Art of public engagement: Rational thinking

Published in the December 2015/January 2016 issue

by Lee Nellis, FAICP, Wapiti, Wyoming

I am not the only one talking about how we can communicate through the veils of ideology and, specifically, about the research of Dan Kahan. I picked up the July/August edition of Discover magazine to read an article about Genghis Khan but found Christie Aschwanden’s article, “A User’s Guide to Rational Thinking.”

One must be wary of the word “rational,” of course. Last time, I wrote about Kahan’s observation that what makes sense - which is to say, what is rational - for a person depends on that person’s social context. Even this column has provided an example. Readers may recall my exchange with a planning commissioner who asked why she should ever have a conversation with anyone who did not share her view of property rights. Truly, and it confirms what Kahan’s data show: That a rational person will not spend his or her limited time and energy seeking out contrary opinions. From a personal perspective, it is (or at least seems) best to stay within the comfort zone of one’s family, friends, and favorite political pundits. But as Kahan also points out (and experienced planners know), what works for an individual in the short run may not work at all for the larger community in the long run.

Aschwanden’s article offers concise, useful advice that is rooted in the work of Kahan and other researchers. Professional planners can read it as a reminder of techniques they [should] know.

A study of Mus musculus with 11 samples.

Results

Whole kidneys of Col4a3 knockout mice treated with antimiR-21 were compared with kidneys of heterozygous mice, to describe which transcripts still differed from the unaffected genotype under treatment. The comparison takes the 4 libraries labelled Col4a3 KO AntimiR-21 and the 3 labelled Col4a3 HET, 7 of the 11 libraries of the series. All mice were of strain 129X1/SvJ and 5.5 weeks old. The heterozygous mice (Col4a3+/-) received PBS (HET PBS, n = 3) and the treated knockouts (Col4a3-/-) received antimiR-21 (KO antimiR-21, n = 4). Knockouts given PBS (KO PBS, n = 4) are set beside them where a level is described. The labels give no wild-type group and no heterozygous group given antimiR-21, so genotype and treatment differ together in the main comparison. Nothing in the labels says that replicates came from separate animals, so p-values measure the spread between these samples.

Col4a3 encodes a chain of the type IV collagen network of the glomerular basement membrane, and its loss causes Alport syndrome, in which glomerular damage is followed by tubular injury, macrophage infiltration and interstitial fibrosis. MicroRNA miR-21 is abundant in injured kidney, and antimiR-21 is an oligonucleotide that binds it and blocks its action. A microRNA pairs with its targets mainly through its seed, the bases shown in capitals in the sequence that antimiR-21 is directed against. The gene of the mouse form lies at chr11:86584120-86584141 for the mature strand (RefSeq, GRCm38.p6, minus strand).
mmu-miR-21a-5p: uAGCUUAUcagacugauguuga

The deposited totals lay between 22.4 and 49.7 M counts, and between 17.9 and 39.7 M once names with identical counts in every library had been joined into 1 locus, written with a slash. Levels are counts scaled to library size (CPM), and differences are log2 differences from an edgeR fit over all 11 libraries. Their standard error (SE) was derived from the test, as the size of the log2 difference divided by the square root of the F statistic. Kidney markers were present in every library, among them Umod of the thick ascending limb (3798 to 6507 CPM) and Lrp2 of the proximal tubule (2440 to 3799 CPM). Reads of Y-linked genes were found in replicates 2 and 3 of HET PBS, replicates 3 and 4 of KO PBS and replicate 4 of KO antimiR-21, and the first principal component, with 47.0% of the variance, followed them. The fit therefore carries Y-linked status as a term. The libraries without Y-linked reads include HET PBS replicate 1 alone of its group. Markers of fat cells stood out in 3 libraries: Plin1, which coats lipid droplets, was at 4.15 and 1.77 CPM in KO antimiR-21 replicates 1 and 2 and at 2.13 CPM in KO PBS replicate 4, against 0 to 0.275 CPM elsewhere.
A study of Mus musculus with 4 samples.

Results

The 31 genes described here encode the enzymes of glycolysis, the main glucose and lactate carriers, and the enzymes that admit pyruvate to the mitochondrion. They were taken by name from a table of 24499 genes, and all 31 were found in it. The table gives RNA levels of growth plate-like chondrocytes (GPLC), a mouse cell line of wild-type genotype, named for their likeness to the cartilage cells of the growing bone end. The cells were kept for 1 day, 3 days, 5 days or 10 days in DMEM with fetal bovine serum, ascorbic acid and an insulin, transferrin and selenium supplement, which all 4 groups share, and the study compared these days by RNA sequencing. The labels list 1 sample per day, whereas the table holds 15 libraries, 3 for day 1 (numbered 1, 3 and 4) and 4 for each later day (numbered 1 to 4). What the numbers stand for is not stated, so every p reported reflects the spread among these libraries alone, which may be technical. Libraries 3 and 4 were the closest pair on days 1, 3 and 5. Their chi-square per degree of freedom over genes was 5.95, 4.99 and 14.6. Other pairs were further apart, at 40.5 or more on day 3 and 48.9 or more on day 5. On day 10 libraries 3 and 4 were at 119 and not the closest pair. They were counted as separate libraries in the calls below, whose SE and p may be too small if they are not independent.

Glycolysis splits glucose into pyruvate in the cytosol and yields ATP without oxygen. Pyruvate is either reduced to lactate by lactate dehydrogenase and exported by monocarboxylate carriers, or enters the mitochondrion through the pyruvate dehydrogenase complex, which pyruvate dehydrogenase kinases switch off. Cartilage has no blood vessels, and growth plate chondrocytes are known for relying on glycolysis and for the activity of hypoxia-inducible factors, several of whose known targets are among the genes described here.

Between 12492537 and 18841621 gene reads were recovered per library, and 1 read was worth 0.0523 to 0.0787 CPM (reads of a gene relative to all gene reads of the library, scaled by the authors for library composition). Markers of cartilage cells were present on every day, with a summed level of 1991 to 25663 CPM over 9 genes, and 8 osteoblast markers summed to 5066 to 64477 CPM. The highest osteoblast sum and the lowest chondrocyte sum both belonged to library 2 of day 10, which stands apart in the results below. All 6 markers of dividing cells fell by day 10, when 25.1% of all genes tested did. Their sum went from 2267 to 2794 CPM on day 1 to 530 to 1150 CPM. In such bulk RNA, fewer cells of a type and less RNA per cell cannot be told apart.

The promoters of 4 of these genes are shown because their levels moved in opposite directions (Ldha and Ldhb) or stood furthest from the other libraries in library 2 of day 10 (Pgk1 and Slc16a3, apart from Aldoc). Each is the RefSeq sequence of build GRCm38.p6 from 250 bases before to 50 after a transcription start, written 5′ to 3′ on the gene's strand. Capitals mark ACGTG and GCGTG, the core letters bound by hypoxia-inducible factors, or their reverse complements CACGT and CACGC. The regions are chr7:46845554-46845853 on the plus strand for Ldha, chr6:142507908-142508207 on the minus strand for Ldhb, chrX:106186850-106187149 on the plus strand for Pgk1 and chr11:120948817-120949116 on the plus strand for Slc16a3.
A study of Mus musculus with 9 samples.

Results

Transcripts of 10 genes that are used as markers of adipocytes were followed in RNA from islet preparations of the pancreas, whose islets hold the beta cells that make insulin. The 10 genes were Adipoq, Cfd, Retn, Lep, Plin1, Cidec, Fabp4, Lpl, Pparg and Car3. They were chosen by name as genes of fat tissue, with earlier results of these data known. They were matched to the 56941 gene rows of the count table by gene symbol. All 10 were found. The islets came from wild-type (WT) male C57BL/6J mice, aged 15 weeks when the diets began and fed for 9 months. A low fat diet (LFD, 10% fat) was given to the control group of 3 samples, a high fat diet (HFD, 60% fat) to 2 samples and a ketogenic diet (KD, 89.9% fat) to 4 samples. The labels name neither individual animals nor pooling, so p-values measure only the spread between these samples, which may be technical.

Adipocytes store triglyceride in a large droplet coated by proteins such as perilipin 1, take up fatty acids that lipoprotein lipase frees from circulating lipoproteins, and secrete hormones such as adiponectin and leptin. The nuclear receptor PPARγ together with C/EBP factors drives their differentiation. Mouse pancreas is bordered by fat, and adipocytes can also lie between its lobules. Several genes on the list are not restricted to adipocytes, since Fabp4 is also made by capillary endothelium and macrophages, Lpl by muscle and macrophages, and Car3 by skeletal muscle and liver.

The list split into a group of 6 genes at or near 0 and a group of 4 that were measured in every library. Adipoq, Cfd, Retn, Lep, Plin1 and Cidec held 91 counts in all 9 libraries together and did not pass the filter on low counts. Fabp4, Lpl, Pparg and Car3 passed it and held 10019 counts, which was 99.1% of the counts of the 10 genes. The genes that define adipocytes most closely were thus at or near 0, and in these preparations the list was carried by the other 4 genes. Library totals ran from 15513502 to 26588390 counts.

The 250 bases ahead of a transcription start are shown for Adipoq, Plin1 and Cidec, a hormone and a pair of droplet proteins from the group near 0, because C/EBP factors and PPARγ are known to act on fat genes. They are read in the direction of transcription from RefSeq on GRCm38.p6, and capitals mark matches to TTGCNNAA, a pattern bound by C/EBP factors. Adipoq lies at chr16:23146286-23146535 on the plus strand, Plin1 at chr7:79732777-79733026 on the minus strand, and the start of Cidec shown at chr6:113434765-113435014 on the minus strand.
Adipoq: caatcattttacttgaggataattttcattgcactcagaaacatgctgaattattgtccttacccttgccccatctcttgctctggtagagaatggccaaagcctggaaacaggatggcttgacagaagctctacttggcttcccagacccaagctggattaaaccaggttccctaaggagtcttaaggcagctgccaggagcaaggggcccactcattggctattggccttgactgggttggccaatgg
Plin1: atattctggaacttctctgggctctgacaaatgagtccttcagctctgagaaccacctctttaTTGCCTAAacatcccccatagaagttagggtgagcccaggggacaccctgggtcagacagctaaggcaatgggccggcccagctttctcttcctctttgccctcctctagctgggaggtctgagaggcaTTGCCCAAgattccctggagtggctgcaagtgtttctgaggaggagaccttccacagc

At the End of Technique: A Question for Readers

Aschwanden offers readers only “a fighting chance” that the techniques she recommends will work. And most WP readers already know that there are limits to the collaborative approach to communication, no matter how well the issues are framed, no matter how well the process is managed

Property rights have receded from the national news but are not far behind gun rights on the list of topics about which ideological attachments can override all efforts at productive conversation. And when the conversation ends, we have reached the end of the technique, the end of what planners can do to help communities reach a working consensus.

Stalwart decision makers sometimes proceed through the emotional storm that so often surrounds progressive planning and land use regulation. But even where the community interest carries the day, the controversy only subsides. If we want to build sustainable (there’s another word that carries plenty of ideological baggage) communities, we’re going to have to change some peoples’ minds and behavior.

So I ask you to help me out here: Can you offer examples of when the planning process did, in fact, change some minds? How did that happen? I look forward to hearing your stories! I have reduced my email addresses to just one. Send your examples to Thanks!

Lee Nellis, FAICP, is a pioneer of planning in the rural West, starting his career in Wyoming in 1974.